The Fresh Loaf

News & Information for Amateur Bakers and Artisan Bread Enthusiasts

Growing good tasting chives

gcook17

Growing good tasting chives

I made the potato-cheese-chive bread from BBA last year and I was amazed at how good it was.  I was also amazed at how expensive chives are.  I always thought chives and green onions were interchangable but the chives I bought for the bread were really something else.  This year I planted plenty of chives in the garden and made the first loaf yesterday.  It looks and tastes good but it's missing the big chive taste I remember from last year's loaves.  Does anyone know anything about growing good tasting chives?  Is it too early in the year?  It never gets very hot in the part of the San Francisco Bay Area where I live--do they need a hotter climate to develop a strong flavor?  Any ideas???



-greg

xaipete's picture
xaipete

I live in Santa Rosa and planted some chives about 5 years ago in a large bucket. They come back every year. I cut them off at the base a couple of weeks ago and they have already grown back and are ready for use.


--Pamela 

gcook17's picture
gcook17

Do you chop them completely off at the base so the plants don't have any "leaves" left or do you leave a few green parts still sticking up ?

xaipete's picture
xaipete

Pretty much at the base. Once established, I think they are hard to get rid of.


--Pamela

davidg618's picture
davidg618

http://www.indepthinfo.com/chives/cultivate.shtml.


Another site recommends fertilizing at planting with bone meal. This probably will contribute to stronger flavor.


David G

LindyD's picture
LindyD

If you're going to handle bone meal, use a respirator and gloves as it was identified as a vector in BSE (mad cow disease).  There are better organic sources than bone meal.


Phosphorus (P) aids in the development of plant roots. I don't think it will have much effect on taste.


The best scenario is to run a soil test to determine if you even need to fertilize your plants.   If the plants can't use the nutrients, the nutrients will leach into the water table.

Mini Oven's picture
Mini Oven

and compost, I have two varieties.  Cut clives loose their aroma quickly.  Cut and wash just before use. The Chinese flat leaf variety is bigger, holds flavor longer and is used for pickling and kimchee, I find it freezes better too. 


The round common chive is also a small bulb and some say one should pluck the leaves and not cut.  I cut mine about an inch over the bulb.  If they threaten to bloom, I level the works and let them come back.  There are always a few that manage to bloom and have seeds (and die when the seeds are ripe.)  The "bushes" do well if their location changes every few years and clumps are divided.   I keep several clumps near to the kitchen door in a sunny location.  They are one of the first herbs from the garden in the spring.  They usually come up big, fat and juicy after their winter rest.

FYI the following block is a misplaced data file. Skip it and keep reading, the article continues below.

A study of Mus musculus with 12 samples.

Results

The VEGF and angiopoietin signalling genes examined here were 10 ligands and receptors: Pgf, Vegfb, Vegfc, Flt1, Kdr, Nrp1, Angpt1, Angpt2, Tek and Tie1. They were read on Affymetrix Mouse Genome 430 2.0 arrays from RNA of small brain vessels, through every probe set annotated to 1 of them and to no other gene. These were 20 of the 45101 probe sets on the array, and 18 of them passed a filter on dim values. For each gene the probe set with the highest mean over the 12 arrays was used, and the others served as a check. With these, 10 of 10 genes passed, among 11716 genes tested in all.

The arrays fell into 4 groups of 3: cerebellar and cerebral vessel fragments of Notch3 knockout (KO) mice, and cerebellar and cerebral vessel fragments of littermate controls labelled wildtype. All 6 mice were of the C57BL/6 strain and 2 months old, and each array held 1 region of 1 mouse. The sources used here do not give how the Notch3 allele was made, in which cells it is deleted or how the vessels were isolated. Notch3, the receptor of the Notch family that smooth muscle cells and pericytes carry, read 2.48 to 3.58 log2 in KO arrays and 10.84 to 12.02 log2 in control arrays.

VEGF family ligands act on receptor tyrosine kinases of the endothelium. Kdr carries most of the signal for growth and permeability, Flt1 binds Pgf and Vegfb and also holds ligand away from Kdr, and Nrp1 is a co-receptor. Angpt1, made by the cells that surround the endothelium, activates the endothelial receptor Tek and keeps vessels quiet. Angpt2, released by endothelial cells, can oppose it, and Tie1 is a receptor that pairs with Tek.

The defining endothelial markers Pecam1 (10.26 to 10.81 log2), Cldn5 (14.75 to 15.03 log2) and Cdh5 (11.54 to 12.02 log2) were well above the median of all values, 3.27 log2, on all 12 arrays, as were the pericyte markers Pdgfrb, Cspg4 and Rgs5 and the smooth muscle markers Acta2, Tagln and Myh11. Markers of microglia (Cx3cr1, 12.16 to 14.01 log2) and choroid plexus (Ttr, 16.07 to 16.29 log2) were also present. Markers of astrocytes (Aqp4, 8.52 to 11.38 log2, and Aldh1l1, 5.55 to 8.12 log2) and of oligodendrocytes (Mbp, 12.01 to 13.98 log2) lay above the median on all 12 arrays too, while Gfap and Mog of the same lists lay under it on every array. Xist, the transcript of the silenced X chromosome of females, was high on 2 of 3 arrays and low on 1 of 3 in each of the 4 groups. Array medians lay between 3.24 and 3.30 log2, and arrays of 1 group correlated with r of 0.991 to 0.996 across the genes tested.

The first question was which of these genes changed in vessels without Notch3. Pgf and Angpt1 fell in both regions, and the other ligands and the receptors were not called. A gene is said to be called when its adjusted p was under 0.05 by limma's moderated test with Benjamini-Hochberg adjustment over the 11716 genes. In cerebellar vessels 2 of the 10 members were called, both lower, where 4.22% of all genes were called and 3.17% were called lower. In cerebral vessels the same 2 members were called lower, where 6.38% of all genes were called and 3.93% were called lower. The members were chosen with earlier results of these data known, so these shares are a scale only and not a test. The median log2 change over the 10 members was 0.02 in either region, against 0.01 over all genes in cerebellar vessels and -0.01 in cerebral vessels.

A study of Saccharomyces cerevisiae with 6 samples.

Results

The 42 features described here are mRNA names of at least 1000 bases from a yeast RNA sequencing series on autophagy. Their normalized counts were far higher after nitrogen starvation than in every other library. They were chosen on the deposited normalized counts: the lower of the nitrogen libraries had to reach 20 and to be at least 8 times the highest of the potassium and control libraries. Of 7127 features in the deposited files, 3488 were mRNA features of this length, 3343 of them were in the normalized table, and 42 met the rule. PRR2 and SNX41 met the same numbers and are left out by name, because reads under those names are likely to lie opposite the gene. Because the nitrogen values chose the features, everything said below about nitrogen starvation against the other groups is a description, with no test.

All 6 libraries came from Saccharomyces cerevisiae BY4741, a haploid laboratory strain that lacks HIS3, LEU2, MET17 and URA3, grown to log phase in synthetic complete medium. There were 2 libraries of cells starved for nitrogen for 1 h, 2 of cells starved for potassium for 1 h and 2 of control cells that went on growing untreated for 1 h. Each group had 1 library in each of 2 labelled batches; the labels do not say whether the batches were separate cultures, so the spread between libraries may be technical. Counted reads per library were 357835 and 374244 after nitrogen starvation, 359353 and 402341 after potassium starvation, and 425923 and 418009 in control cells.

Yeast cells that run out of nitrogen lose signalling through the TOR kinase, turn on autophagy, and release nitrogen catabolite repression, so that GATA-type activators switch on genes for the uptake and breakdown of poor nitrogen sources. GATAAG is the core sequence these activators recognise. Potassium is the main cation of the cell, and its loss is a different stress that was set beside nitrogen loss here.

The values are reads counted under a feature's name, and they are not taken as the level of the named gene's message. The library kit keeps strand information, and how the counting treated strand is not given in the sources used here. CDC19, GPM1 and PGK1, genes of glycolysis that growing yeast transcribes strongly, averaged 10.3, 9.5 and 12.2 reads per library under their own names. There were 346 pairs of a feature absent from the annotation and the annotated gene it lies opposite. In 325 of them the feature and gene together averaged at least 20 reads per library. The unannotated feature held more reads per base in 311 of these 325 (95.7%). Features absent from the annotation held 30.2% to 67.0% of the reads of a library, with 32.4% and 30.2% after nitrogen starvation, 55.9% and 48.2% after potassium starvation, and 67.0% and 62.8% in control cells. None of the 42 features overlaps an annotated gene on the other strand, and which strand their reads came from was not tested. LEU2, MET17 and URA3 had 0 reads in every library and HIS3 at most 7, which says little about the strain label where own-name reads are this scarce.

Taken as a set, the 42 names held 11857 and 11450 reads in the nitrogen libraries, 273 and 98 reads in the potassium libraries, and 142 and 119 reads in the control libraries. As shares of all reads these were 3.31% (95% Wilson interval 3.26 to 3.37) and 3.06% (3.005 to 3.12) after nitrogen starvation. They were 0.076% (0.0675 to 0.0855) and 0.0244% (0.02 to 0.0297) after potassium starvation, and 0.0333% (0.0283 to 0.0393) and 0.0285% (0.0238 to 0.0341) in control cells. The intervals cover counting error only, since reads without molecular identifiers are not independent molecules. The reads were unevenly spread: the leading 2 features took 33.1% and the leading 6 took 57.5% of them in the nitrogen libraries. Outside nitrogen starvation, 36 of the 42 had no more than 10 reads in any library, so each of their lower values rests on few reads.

Mini

clydiemor's picture
clydiemor

Growing Chives is relatively easy.  I live in the northeast (Long Island)


They come up in the spring, and you can start using them when they are a couple of inches-usually people let them grow a few inches and then start cutting them to use or freeze. They regrow as fast as you cut them.


They grow in just about any dirt, they are perennial so they come up every year.


They get cute purple flowers (garlic chives are flat leaved and have white flowers, later then the onion ones)


One caution..unless you want the chives all over your property and maybe your neighbors, cut the flowers off before they go to seed..you can use the flowers in salad and you can even use the seeds...(both taste onion-y..or garlic-y depending on what you have)


I let them flower and watch them closely as I use them, cutting them before they go to seed.


Generally speaking they become a little tougher after they flower (some people say bitter too), and in the heat, so it is best to use and preserve some before they flower..this year..however, we have had a prolonged spring with cool and wet weather..so I am still picking and using mine even though by now, normally, I would not be.


Dividing is a good idea every couple of years.


Janie


 


 

xaipete's picture
xaipete

Yeap, they grow like weeds, which is why mine are in a bucket.


--Pamela

the_panhandler's picture
the_panhandler

Greg, your plants are just too young if you set them out this year. Next year they will be more flavorful. Cutting them in the morning also imparts a stronger flavor and use them ASAP.

gcook17's picture
gcook17

This was really helpful.  Thank you for all the advice.  I plan on eating a lot of these this summer and having more and even better ones next year.


-greg

ChadCroft's picture
ChadCroft

The bread sounds great but where can I get the recipe?  As for the chives I agree that the Chinese chives are stronger in flavor and perhaps even a little hardier.  I also grow West Virginia ramps, a wild onion whch has a very delicate flavor and wonderful in omelets.  Without trying ut in a recipe I can't say whether they would work well for this bread.  I have grown both of them for many years and they have persisted very well in Western Pennsylvania winters in the foothills of the Laurel mountains.  If anyone can help me get the recipe for the bread I would sure appreciate it.